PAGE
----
Most woodworkers I know are compulsive makers. They build things of wood not so much to have the finished product but to satisfy an inner yearning to experiment, to learn and to create. It's a feeling, I imagine, akin to an artist's need to paint or a musician's need to play.

Paul Bertorelli, Fine Woodworking On Things to Make, 1986

Not so much logging today, though that will happen soon enough, there are trees to be fallen for fire safety/mitigation on the property.

Started to build a dog run/yard today and realized after setting several posts that limbs on the big ponderosa needed to come down before work went any further.

The tree is on the north side of the house, limbs were touching the roof and the power line leading into the workshop/woodshed. The tree should have been trimmed a long time ago.

It was a little dicey to cut the limbs, I really needed a 32 foot ladder to do the work. I cut several limbs and left them a little long for me to sit on as I cut other limbs. A little scary but I took my time. It was a lot of fun to do the work! It was good to climb a tree again!

All this from just 10 limbs. Clean up tomorrow!

I bought this prelude through, it's a interesting piece published in 1954, I look forward to working on it. I need to find recordings of Pujol's work, other then the one I have by David Russell.

Check out this YouTube of Grisha! This kid is amazing! I do think that he needs to mature a little and spend the rest of his life living in Spain among real flamenco singers, dancers and guitarists, then he could approach the sound of Sabicas. There are more videos of him playing other guitars by famous makers, they are eye and ear openers, just surf through YouTube!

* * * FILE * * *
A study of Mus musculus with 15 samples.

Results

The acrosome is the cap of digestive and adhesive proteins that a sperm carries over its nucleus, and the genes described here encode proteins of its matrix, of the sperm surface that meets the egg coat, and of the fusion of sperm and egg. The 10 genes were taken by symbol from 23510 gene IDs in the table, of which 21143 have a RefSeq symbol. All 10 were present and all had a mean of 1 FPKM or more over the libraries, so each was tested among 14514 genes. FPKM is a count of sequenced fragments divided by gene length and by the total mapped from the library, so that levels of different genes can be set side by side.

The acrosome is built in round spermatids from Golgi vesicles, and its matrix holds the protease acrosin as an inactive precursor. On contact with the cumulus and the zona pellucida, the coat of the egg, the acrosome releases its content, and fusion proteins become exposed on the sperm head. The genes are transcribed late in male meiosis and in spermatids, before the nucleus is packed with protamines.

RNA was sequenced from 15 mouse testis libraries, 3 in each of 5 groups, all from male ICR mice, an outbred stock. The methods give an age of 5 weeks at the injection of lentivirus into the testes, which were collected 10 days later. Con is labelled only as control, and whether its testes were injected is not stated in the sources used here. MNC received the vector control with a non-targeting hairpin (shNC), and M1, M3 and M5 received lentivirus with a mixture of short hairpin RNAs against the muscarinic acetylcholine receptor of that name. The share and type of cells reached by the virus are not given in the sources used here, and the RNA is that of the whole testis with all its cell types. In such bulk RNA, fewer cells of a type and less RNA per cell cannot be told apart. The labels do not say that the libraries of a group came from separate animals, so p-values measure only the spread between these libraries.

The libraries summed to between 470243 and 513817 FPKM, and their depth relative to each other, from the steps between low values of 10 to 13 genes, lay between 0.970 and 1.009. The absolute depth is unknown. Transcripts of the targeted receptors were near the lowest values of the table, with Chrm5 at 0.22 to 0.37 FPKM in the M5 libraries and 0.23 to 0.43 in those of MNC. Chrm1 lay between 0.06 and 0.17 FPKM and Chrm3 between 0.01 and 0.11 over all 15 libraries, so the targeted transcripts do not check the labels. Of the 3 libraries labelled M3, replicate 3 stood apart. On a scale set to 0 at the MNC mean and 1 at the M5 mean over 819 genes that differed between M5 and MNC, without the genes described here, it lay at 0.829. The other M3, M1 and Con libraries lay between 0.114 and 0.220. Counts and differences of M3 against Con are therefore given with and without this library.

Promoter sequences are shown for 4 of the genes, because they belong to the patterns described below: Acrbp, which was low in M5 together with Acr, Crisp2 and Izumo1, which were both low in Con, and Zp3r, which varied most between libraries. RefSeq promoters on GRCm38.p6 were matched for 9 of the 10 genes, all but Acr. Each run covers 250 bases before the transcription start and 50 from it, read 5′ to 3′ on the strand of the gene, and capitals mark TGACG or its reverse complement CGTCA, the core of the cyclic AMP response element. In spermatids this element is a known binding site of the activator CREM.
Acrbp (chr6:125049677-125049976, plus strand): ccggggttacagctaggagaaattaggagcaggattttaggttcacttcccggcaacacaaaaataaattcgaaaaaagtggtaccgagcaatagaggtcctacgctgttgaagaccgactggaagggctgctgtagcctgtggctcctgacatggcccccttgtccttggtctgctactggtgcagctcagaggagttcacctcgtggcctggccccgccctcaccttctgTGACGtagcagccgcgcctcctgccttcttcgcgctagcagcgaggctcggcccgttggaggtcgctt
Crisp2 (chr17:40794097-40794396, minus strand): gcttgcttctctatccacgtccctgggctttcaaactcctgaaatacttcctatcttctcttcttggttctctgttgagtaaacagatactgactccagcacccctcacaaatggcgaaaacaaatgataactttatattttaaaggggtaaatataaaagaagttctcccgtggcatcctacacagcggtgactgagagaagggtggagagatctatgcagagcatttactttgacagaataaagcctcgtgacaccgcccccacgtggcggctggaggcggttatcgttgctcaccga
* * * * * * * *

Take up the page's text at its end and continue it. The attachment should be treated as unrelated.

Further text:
1. What kind of saw were you using? I have a small tree farm growing and soon will need to get higher than my Stihl pruning saw on a pole can reach. It seems mighty dangerous to get on a ladder with a chainsaw...

    Last week David Russell performed at the Zankel Music Center at Skidmore college, nearby. His playing was of the very highest order. Each note had such fullness of tone, something beyond what I've heard from any other player. He also had some kind of signature cross-picking move that added a unique color. A warm and engaging way with the audience, terrific selection of pieces, and complete and facile technique. I'm still floating from the concert!

  2. Tico:

    I used a little Stihil 117 chainsaw that I bought eight, nine years ago to thin out the small trees on our property in northeastern California. It's a wonderful saw for limbing. My other saw is a Husky 385 that I have run a 42 inch bar on before, it sure is a powerhouse. By the way, I wasn't on a ladder, I was sitting in the limbs of the tree as I cut.

    I'm glad to hear that Henry got a full time job with the tour company that he works for, will be sorry not to chat with him at work anymore.

    The David Russell concert must of been wonderful, he is a true virtuoso!